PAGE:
Common Money Worries: Tips to Overcome Financial Problems From “Happy Money” Author Ken Honda by Ken Honda
Regardless of how big or small our bank accounts may be, no one is immune to money struggles. Even those who have inherited large trust funds have worries and complaints.
If our problem is money, then why isn’t a big bank account the solution?
I have friends from all walks of life. I have friends who live as far away from money as possible and are enjoying their life in a forest. They grow their own food and spend only $1,000 a year. I have friends who are extremely affluent and think nothing of spending $1,000 on wine or a casual lunch. No matter who I talk to, when I am interviewing them, they share with me about their lives and ask me for advice. Without exception, both the rich and the poor have similar worries and concerns, and almost all always feel overwhelmed by money – but for different reasons.
The 4 Most Common Money Problems
- Concerns About Future Finances: The super-rich don’t worry much about money at the present moment, but they worry about their future. Many are afraid their success won’t last forever. They also worry that their children are not handling their money prudently.
- Not Enough Money to Meet Today’s Demands: People in the middle class are generally frustrated that they don’t have enough money to meet their expenses. This is exacerbated if they have kids. They worry that they won’t have enough to pay for their children’s education, and that they won’t have enough saved for a comfortable and happy retirement. Sometimes it feels like every waking moment is spent either working for money or worrying about money.
- Being Undervalued by Employers: Many people feel taken advantage of by their employers and undervalued – both when it comes to recognition and salary. They don’t think that the rich people who hire them realize the sacrifices they make to work hard for so little pay, while the rich enjoy the fruits of all their labor.
- Struggling to Get By: For those living at or below the poverty line, each day is a struggle to survive. Money is not for enjoying life, but just for living. To someone who can’t afford food or a home, a rich person’s problems don’t seem so terrible.
We all know the saying, “Money can’t buy happiness.” Then why are we all trying so hard to obtain more of it? No matter how much is in our bank accounts, people have financial woes, and strive to produce more income. What is the solution?
Regardless of our situations and our wealth status in life, we all are affected by money in one way or another. And how we react to our situation can make us happy or unhappy.
The Zen Approach to Happiness and Money
It turns out the solution to our financial woes doesn’t have anything to do with money. The Zen approach to happiness invites us to think about ourselves not in terms of what we do, or what we are worth, but who we are. What does that mean? It means:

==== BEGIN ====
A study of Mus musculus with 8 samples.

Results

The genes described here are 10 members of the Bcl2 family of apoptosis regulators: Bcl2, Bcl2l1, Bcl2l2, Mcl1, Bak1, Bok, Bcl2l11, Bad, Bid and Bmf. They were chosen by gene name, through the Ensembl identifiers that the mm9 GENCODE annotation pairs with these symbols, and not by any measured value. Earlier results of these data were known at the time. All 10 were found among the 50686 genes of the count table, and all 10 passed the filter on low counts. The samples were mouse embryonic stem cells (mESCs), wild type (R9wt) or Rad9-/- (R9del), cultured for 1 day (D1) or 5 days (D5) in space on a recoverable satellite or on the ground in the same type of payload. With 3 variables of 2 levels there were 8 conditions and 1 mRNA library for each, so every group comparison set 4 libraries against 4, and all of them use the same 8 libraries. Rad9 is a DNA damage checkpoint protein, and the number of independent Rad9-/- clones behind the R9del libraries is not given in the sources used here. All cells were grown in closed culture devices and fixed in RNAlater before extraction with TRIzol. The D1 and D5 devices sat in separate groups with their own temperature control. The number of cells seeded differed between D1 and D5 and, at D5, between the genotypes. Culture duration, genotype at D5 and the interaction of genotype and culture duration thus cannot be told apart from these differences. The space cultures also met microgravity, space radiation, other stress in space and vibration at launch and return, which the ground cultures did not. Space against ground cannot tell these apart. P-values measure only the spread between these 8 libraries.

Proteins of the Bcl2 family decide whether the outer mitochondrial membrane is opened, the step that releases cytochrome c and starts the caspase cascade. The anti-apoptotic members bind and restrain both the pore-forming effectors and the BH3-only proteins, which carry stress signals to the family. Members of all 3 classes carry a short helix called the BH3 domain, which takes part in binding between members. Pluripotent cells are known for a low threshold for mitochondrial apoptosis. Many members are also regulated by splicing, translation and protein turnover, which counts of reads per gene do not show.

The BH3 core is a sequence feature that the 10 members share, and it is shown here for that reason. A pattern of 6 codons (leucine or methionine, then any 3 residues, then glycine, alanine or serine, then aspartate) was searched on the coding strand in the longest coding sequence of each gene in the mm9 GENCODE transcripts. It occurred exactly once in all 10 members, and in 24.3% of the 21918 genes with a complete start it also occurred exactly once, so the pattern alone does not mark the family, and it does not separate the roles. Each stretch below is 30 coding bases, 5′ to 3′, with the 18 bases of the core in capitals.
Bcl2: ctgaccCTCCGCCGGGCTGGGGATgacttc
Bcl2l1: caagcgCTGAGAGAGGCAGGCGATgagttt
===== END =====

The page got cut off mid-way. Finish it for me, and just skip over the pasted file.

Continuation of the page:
- Choose Love Over Fear: There are two approaches to money: love or fear. When you earn and spend money, you do it either with love or fear. Many people are afraid of money: that they may not have it or that they may lose it. Love is the opposite of fear. Fear looks, sounds and feels like control. Love, on the other hand, feels like the opposite. It is unconditional acceptance. It’s a willingness to trust that things will work out.
- Don’t Let Money Define You: Whatever your income, you can have a good relationship with money. Don’t let it define who you are. Don’t stress about what you can’t control in the future. Believe that there will always be enough of what you need when you need it. Don’t believe that having a bigger house or flashier car will make you happy.
- Live in Gratitude: By shifting from an attitude of deprivation to one of gratitude, we completely change our relationship with money. Instead of believing there is never enough, you begin thinking, "I have all that I need, and I am so grateful for it all." When money comes in, you say thank you or, as we say in Japan, Arigato. Even as money leaves you, express gratitude for how it served you or what it is bringing to you now.
- Be Present in the Moment: If you’re present in the moment, you’re not regretting the past or experiencing anxiety about the future. Most of our stress, anxiety and unhappiness about money comes from thinking about our mistakes in the past, harm done to us, and needless worries about what might happen in the future. Focus on the joys of the present instead of thinking about what you might have.
It’s true that being able to pay one’s bills can bring comfort, but it doesn’t guarantee joy and contentment. With a zen approach anyone can overcome their financial concerns and invite in abundance, regardless of their income.